Monday, January 02, 2006

Bumps, Bugs, Beats and Brands

Between 1994 and 1996 I was lucky enough to be participate in a producer capacity in the development of several network launches or re-launches, –ESPN2, Comedy Central, PBS and SCI FI among them. This work can be summed up as enhancing animation with thematic material. The common commission required everything from three minute themes to three second logo 'bugs'.

Although well experienced producing :30s and :60s for TV commercials, we were all relatively new to the process of creating network packaging and therefore treated each individual promo, bump, etc –whatever the length– as unique asset, requiring that it be composed from scratch. Once we gained experience composing packages for ESPN and ESPN 2, we were able to modify our process by creating long format works from which we might extract a multitude of smaller assets.

Our creative director, Alex Lasarenko, was first to suggest that each five second sting (the memorable end of the track, often used as a sonic logo) should be constructed as an extractable tag from a longer asset, perhaps a :30 or :60.

I was responsible for budget control, and so it fell on me to maximize our profit. And that being the case, I picked up on Lasarenko's idea and expanded on it, suggesting further that it would be exponentially more efficient to produce everything from one long masterwork –when possible.

Understand that in those days we were still dumping Synclavier sub-mixes to 2" tape. It was an arduous task and it fell on production to plan well ahead and make sure every individual asset and version could be accounted for as we went to tape, even within the limitations of of 23 tracks (+1 for Time code), with the core masterwork being the longest version of the theme required by the cable channel or network (a minute to 3 minutes in length).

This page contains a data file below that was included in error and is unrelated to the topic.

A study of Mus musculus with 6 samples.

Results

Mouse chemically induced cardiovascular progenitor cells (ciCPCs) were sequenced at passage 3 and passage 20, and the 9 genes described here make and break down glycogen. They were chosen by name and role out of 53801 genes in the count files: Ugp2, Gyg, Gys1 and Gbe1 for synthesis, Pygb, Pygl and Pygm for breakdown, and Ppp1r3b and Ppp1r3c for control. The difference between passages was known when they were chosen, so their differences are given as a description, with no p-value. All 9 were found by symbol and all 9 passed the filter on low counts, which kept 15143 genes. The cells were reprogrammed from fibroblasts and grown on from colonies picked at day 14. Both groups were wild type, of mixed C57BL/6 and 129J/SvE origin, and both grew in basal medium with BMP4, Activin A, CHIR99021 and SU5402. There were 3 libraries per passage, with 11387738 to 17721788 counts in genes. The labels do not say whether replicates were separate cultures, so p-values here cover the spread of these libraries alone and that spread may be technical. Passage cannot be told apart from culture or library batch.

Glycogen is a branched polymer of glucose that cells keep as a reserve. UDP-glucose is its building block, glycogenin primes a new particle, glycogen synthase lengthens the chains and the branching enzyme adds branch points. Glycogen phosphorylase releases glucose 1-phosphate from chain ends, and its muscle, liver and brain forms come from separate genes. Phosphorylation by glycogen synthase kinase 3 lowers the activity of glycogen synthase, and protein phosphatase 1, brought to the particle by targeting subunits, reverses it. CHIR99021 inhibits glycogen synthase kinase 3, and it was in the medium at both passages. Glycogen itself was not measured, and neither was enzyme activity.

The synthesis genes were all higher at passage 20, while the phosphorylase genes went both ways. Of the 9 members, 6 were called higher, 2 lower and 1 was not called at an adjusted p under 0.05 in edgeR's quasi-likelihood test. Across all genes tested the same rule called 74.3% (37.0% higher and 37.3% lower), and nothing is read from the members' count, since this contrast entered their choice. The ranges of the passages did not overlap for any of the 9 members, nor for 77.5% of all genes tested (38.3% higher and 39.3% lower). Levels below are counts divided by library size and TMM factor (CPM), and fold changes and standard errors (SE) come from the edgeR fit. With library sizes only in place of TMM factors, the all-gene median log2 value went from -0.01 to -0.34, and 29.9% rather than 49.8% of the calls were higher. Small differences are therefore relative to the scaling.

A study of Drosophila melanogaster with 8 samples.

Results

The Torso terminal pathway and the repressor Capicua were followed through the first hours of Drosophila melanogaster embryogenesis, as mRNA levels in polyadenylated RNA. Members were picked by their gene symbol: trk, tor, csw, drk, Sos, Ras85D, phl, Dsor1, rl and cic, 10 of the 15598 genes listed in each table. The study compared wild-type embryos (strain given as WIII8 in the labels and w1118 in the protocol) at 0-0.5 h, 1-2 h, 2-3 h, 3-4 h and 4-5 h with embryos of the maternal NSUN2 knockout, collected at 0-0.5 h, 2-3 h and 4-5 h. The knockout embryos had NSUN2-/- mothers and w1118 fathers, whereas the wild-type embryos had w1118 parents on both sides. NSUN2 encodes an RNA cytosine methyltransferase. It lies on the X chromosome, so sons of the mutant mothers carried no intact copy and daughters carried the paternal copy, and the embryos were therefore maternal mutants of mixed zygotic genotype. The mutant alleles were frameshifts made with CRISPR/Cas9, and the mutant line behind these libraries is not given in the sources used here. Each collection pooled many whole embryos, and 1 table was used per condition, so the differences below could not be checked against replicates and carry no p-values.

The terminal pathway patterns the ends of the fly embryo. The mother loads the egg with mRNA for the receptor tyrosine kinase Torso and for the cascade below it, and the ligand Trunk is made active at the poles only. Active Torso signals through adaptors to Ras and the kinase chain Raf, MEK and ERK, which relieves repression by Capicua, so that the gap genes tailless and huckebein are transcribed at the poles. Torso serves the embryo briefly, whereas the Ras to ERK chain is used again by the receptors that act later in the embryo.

But as we were wrapping up a package for Comedy Central, Larry Alexander, the engineer famous for mixing everybody, happen to tell me about this new portable ProTools rig he had. He explained to me what he could do with it, and that since it was relatively new, he was pretty excited to use it. So, we hired Larry to mix and edit entire audio portfolios, and it turned out he could do in a day with that rig what it might have once taken us a week to do.

Mind you, his 'portable' rig was not a simple single laptop. The rig arrived by truck and just about doubled the amount of equipment stuffed into her our studios.

Larry's the first person I knew that had what was a full-on Pro Tools set up in those days. So, whenever I specifically hired him to do a session with the rig, it was considered a specialty request only few could accomplish, and we had to have a pretty decent budget to afford it.

But all worth it!

Larry is the type of engineer who will mix down an orchestra with a conductor's score splayed out across the console, like Leonard Bernstein, except instead of holding a baton; he wields massive amounts of technology at his fingertips. I know that all of us who stepped within five feet of Larry's work space would always try to look over his shoulder and pick up a tip or two, compression settings, for instance –always the man's coveted compression settings– that sort of thing.

From the perspective of pure communication, I found the five-second units –the 'bumps'– most interesting because, in practice, a five-second edit generally necessitated the inclusion of a two-second reverb tail and fade, meaning that only three seconds of actual music could be allotted to actual communication of the network logo –the 'sting'.

As it turned out, Larry, who was famous for working the epic song cycles of the some the world's most baroque pop stars, also proved exceptional at whittling the fat off sixty second main themes and carving out terse, tasteful, three-second stings.

The final results provided by producing network packaging impressed upon me the power for audio beyond its ability enhance a story line. In fact, it was with such small deliverables as bumps and bugs that I was beginning to realize, that (in contrast to scoring for film) sound just might be the most efficient means -barring a graphic symbol– to convey a MESSAGE, and so, here I was beginning to evolve my thinking of music production not merely as a means to enhance story, but to deliver a message, and how that philosophy might be applied to the construction of sonified signification and brand asset portfolios.